Essentials: Big Chocolate Cake Recipe

Essentials: Big Chocolate Cake Recipe

My sweet tooth seeks out vanilla, caramel, and fruit before chocolate, but somewhere along the line I either ate or dreamed of the perfect chocolate layer cake, and lo, it was good: enticingly tall and dark, with a firm but yielding crumb and a pure chocolate-butter taste, so moist you could eat it without icing (but why would you?).

I sampled many slices in pursuit of this ideal. Plenty of cakes had the looks, but none of them had the heart and soul: usually they were dry, and if they weren’t dry, they had a chemical aftertaste, or a squishy texture, or some kind of booze-flavored filling. When the outside world failed me, I got out my baking pans. Cook’s Illustrated and Rose Levy Beranbaum offered recipes for perfect cake, but their buttercreams were too buttery for me. I am not one to shy away from butter, but this tasted like delicious cake spread with pure, softened, faintly chocolate flavored butter, and that was kind of gross.

After too many disappointments, I decided that my memory was probably based on a box-mix cake with partially hydrogenated frosting that I had eaten at some long ago birthday party and then canonized while wearing rosy retrospective goggles: maybe cakes couldn’t be that wonderful, after all, at least not for those of us over the age of ten. For a few years I contented myself with making individual molten chocolate cakes or dense, fudgy ones coated with glossy ganache, which are delightful in their own way but did not satisfy my deep, childish craving for layer cake.

So when my husband read Comfort Me with Apples last summer and demanded Ruth Reichl’s Big Chocolate Cake for his 30th birthday, I didn’t get my hopes up. I even warned him not to get too excited, wearily explaining that I had been down this path before. But I was wrong. This is the perfect chocolate layer cake: the cake itself is soft but substantial and delicious, and the cream cheese in the frosting really tones down the buttery sweetness for a more balanced flavor. It’s easy to make and lovely to behold—a piece of childhood on a plate, with a big glass of milk on the side.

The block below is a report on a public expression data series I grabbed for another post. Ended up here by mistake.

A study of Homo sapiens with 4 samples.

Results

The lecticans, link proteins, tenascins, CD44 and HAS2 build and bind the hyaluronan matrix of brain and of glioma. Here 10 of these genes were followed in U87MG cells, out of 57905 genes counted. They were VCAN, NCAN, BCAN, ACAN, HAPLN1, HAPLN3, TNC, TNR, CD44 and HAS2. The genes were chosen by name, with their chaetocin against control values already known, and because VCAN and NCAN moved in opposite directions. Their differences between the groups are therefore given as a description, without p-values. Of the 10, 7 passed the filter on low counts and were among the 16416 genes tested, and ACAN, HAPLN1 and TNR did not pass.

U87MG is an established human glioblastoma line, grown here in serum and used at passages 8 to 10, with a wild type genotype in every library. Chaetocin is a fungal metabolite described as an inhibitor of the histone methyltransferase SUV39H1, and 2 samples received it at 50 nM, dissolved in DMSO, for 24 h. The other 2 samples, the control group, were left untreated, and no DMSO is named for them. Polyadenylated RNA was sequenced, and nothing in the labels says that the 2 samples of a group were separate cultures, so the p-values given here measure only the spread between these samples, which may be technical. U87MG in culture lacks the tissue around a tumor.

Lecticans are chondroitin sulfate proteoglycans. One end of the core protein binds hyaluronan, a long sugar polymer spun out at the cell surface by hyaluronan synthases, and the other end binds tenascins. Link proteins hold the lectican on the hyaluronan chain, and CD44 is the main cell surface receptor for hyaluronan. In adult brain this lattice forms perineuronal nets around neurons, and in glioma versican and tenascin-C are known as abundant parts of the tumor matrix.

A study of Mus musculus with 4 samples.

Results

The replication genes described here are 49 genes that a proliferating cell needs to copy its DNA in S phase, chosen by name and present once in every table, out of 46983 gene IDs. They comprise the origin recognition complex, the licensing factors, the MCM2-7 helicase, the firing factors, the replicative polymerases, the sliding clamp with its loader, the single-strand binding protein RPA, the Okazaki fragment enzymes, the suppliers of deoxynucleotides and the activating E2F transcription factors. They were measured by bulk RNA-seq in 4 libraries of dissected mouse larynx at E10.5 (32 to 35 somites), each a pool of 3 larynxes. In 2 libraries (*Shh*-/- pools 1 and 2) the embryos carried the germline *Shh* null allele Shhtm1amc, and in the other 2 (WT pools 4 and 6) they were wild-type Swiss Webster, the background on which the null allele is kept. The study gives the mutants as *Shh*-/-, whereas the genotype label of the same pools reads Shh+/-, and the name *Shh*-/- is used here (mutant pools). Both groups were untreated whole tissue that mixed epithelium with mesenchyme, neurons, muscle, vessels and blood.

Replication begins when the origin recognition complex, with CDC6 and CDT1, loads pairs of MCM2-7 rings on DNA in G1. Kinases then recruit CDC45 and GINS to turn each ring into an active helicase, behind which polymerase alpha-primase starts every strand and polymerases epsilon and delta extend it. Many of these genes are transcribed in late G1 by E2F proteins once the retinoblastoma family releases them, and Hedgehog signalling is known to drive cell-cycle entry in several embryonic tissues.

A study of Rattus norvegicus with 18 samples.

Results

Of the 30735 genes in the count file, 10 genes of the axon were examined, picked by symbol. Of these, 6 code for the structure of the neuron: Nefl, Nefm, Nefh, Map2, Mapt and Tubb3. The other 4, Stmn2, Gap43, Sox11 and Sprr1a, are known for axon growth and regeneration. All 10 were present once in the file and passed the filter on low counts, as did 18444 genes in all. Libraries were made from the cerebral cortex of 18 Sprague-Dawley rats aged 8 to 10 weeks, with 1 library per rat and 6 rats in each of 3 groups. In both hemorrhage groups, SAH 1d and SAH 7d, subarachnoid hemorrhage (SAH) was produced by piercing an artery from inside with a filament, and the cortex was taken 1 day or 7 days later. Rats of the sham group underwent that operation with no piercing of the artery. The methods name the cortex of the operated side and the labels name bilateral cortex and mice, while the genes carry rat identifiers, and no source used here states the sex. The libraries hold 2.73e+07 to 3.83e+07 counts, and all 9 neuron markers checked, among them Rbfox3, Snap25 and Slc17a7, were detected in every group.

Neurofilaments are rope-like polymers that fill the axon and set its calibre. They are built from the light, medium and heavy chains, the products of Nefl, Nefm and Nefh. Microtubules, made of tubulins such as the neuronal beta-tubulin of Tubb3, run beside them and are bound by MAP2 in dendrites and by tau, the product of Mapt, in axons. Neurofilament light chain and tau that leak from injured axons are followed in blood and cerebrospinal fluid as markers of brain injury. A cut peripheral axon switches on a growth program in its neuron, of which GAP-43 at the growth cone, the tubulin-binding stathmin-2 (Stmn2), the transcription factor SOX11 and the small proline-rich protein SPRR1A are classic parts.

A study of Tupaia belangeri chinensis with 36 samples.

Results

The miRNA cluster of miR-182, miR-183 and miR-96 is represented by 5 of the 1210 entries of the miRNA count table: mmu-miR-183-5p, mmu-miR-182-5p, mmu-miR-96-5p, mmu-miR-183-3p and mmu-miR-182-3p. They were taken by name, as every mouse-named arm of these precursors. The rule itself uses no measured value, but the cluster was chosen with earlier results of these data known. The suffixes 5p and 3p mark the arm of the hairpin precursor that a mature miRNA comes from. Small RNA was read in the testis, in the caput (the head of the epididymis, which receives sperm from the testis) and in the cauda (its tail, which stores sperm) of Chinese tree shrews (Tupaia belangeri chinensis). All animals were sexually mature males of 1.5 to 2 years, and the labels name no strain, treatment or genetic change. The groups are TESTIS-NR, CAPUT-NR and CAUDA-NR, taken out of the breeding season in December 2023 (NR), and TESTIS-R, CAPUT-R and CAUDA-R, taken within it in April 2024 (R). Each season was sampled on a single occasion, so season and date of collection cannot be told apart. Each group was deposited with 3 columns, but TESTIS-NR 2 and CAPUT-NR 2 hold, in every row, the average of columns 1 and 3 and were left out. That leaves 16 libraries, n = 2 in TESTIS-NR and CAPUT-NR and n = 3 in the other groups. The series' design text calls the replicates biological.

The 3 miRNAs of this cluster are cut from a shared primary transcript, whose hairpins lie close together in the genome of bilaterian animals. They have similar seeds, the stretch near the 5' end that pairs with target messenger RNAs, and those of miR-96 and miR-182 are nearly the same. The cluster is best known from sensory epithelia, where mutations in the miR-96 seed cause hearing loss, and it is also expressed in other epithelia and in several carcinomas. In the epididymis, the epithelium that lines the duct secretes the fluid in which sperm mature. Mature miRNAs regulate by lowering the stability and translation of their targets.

• Yield:20-25


  • For the cake:
  • 1 1/2 cups boiling water
  • 1 cup plus 2 tablespoons unsweetened cocoa powder (not Dutch process)
  • 3/4 cup whole milk
  • 1 1/2 teaspoons vanilla
  • 3 cups all purpose flour
  • 2 teaspoons baking soda
  • 3/4 teaspoon salt
  • 3 sticks (1 1/2 cups) unsalted butter, softened
  • 1 1/2 cups firmly packed dark brown sugar
  • 1 1/2 cups granulated sugar
  • 6 large eggs
  • For the frosting:
  • 5 ounces unsweetened chocolate, chopped
  • 1 1/2 sticks (3/4 cup) unsalted butter, softened
  • 1 cup whipped cream cheese
  • 1 teaspoon vanilla
  • 2 1/2 cups powdered sugar
  • 1/8 teaspoon salt


  1. 1.

    Preheat the oven to 350°F. Butter two 13x9x2 inch baking pans; line bottoms with waxed or parchment paper and butter the paper. Flour the pans (you can “flour” pans for chocolate cake with cocoa powder, if you like) and tap out excess.

  2. 2.

    Whisk together boiling water and cocoa until smooth. Then whisk in the milk and vanilla. Sift together the flour, baking soda, and salt.

  3. 3.

    If possible in a standing mixer, beat together the butter and sugar until pale and fluffy. Add one egg at a time, beating well after each addition. On low speed, beat in the flour mixture in 3 batches and the cocoa mixture in 2, alternating flour-cocoa-flour-cocoa-flour. The batter may look curdled.

  4. 4.

    Pour half of the batter into each pan and smooth tops. Bake in the middle of the oven until a tester comes out clean and the cake begins to pull away from the pan, 25-35 minutes. Turn the cakes onto racks to cool completely.

  5. 5.

    Make frosting: melt the chopped chocolate in a double boiler or in a bowl set over a pot of simmering water. Cool to room temperature. Beat together the butter and cream cheese until light and fluffy (I could not find whipped cream cheese in the store, so I just whipped it at home until it looked a little lighter and fluffier before adding the butter). Add the cooled chocolate and the remaining ingredients and beat until thoroughly combined.

  6. 6.

    Assemble cake only when the cake layers have cooled completely.

  7. 7.

    (I’d like to add a note about the recipes in Ruth Reichl’s memoirs: for a long time I stupidly assumed they were just window dressing, but they are in fact very good, and they work.)